Sula Extends Global Footprint to Jamaica, Australia Next; Sula Selections to Add Popular NZ and South African Labels to Ramp Up Portfolio
CECILIA OLDNE remembers the time she first joined Sula Vineyards eight years ago, she would go abroad and somehow convince people in the trade to taste the wines she represented, and they would do it just to oblige her, with no intention of buying a drop, or to savour the novelty of sipping a different kind of wine. No one really cared for an Indian wine.
The tide has turned — and how! Cecilia’s problem today is not how to find a market for Sula’s wine portfolio, but to get enough wine to service the demand. “People from around the world today contact us on their own and ask for our wines,” Sula’s Global Brand Ambassador said a day after she presented a selection of wines distributed by Sula’s imports business at the Pan-Asian restaurant in Sheraton New Delhi.
Unsurprisingly, Jamaica is the latest international market to be covered by Sula’s international footprint of 30 (and counting!). Australia is next in the queue, even as UK, powered mainly by Marks & Spencer, becomes the wine label’s second biggest market after India, followed by Germany, Japan, U.S.A. and Holland. And in Dubai, “orders have tripled over the past year”. Cecilia wasn’t overstating her case when she said, “I have never seen so much interest being shown in Sula’s wines.”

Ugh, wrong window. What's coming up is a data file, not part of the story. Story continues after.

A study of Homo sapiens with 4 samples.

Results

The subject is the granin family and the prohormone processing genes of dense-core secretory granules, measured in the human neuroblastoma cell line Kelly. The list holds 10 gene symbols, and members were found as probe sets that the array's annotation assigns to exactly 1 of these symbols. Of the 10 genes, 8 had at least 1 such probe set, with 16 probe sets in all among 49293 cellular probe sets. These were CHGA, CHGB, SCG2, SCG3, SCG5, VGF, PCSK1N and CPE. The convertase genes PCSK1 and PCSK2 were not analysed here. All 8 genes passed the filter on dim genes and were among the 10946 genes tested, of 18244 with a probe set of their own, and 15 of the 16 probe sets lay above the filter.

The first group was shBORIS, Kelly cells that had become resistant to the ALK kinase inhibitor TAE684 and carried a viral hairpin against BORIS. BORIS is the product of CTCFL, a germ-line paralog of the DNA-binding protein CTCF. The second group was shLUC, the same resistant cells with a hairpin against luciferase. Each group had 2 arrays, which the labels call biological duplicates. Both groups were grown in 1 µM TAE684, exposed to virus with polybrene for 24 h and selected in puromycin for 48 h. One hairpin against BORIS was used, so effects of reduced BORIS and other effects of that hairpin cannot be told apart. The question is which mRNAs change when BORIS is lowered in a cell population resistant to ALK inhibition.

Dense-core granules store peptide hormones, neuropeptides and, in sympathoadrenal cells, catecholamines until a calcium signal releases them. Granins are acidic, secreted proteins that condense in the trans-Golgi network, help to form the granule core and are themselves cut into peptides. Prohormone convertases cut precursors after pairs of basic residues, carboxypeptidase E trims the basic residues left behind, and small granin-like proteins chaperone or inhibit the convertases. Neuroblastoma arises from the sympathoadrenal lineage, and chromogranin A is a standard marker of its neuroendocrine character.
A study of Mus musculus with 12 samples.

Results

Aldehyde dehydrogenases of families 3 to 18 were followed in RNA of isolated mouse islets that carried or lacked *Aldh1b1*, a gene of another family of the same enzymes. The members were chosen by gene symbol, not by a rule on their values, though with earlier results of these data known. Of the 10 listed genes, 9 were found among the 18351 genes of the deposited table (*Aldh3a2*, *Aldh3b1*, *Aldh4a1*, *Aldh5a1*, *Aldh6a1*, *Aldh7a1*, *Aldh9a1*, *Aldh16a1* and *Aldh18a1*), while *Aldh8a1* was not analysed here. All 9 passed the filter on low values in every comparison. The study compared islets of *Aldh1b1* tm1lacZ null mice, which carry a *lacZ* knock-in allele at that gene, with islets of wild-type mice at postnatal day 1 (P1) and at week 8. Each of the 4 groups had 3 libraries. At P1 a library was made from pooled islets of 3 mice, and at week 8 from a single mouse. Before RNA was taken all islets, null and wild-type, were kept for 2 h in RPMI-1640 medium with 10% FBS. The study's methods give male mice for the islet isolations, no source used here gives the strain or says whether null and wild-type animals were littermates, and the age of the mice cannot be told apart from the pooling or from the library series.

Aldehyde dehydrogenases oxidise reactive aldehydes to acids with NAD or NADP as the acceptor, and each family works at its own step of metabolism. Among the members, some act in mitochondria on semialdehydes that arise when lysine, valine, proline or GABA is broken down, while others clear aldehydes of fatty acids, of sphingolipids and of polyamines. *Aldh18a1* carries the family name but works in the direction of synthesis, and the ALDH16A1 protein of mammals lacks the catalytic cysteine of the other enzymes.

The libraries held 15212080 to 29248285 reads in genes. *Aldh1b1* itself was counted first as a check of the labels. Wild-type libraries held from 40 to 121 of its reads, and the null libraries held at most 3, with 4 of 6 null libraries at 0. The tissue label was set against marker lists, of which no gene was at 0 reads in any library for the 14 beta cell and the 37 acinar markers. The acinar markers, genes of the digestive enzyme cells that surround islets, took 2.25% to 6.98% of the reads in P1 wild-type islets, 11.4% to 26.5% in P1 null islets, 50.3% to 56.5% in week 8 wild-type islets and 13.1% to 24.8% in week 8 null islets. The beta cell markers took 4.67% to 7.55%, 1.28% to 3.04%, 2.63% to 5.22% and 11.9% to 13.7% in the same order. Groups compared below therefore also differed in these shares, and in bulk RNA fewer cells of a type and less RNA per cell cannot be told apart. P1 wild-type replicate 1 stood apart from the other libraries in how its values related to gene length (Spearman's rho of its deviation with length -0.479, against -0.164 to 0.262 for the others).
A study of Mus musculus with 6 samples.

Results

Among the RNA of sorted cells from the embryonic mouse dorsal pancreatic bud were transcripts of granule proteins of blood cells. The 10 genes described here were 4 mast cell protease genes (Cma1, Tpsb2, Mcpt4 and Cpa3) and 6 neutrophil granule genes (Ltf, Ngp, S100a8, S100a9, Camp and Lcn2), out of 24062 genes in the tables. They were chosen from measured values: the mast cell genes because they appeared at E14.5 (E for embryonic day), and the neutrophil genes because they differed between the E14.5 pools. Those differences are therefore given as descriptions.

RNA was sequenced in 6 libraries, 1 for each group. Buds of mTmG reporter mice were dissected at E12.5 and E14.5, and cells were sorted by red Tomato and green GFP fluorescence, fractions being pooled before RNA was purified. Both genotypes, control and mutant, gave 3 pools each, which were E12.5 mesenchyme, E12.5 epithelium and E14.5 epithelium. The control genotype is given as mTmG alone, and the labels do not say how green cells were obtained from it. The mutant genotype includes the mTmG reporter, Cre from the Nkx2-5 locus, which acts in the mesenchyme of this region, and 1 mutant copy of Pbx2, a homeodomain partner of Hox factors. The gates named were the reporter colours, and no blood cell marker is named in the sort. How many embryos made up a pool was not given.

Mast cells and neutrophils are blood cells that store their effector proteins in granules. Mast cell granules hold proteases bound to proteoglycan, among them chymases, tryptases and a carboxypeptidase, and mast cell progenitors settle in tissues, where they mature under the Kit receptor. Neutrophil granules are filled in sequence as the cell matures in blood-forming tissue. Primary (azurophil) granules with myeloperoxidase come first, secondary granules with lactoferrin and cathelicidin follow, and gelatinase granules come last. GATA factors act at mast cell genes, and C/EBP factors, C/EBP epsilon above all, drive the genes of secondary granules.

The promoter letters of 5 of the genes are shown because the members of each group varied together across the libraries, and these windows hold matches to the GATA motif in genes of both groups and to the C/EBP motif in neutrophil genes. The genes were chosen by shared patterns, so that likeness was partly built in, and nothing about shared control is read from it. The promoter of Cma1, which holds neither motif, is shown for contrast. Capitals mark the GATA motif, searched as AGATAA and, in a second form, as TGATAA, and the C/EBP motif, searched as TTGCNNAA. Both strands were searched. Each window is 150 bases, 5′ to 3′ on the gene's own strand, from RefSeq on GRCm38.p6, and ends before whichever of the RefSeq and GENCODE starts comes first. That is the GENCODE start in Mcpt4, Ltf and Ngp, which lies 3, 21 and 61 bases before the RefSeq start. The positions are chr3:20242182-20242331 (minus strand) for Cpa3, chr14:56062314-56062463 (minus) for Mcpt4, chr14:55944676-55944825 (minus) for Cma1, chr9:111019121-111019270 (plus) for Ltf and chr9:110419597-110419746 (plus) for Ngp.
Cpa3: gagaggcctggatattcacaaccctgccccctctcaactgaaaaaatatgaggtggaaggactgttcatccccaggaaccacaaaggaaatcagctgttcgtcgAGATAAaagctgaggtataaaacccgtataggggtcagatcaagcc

A Swede who has lived and worked in Stockholm, London, Cape Town and now Mumbai, Oldine has her hands full with another successful Sula business vertical, namely, Sula Selections, which is the import arm of the country’s wine industry leader. Its portfolio encompasses the Remy Cointreau brands, Japan’s Asahi beer, Sierra tequila and the whiskies of William Grant & Sons, which it represents in westen India and Odisha.
The vertical got all the attention it could have asked for when it got Australia’s down-to-earth pace-bowling legend Glenn McGrath over to promote the cause of Hardy’s, a wine label that the retired cricketer endorses and is now the official pour of the England and Wales Cricket Board. It is now pacing itself to expand its offerings by getting more Ruffino labels from Tuscany and a Limited Edition of the Stamp of Australia series of Hardy’s as well as two rising international favourites.
One of them is Mud House, a New Zealand label that draws its reputation from grapes grown in the three wine-growing regions of the South Island: Marlborough, Central Otago and Waipara Valley. Sula Selections is tapping Mud House for its Sauvignon Blanc and Pinot Noir.
In a couple of months, it is also sealing a deal with Kumala, a South African wine label famous for the gecko on its label and for being one of the fastest-growing wine brands in the world. In Cecilia’s words: “India should not be missing out on brands that the world loves.” All that Sula has to do now is get its Selections always right.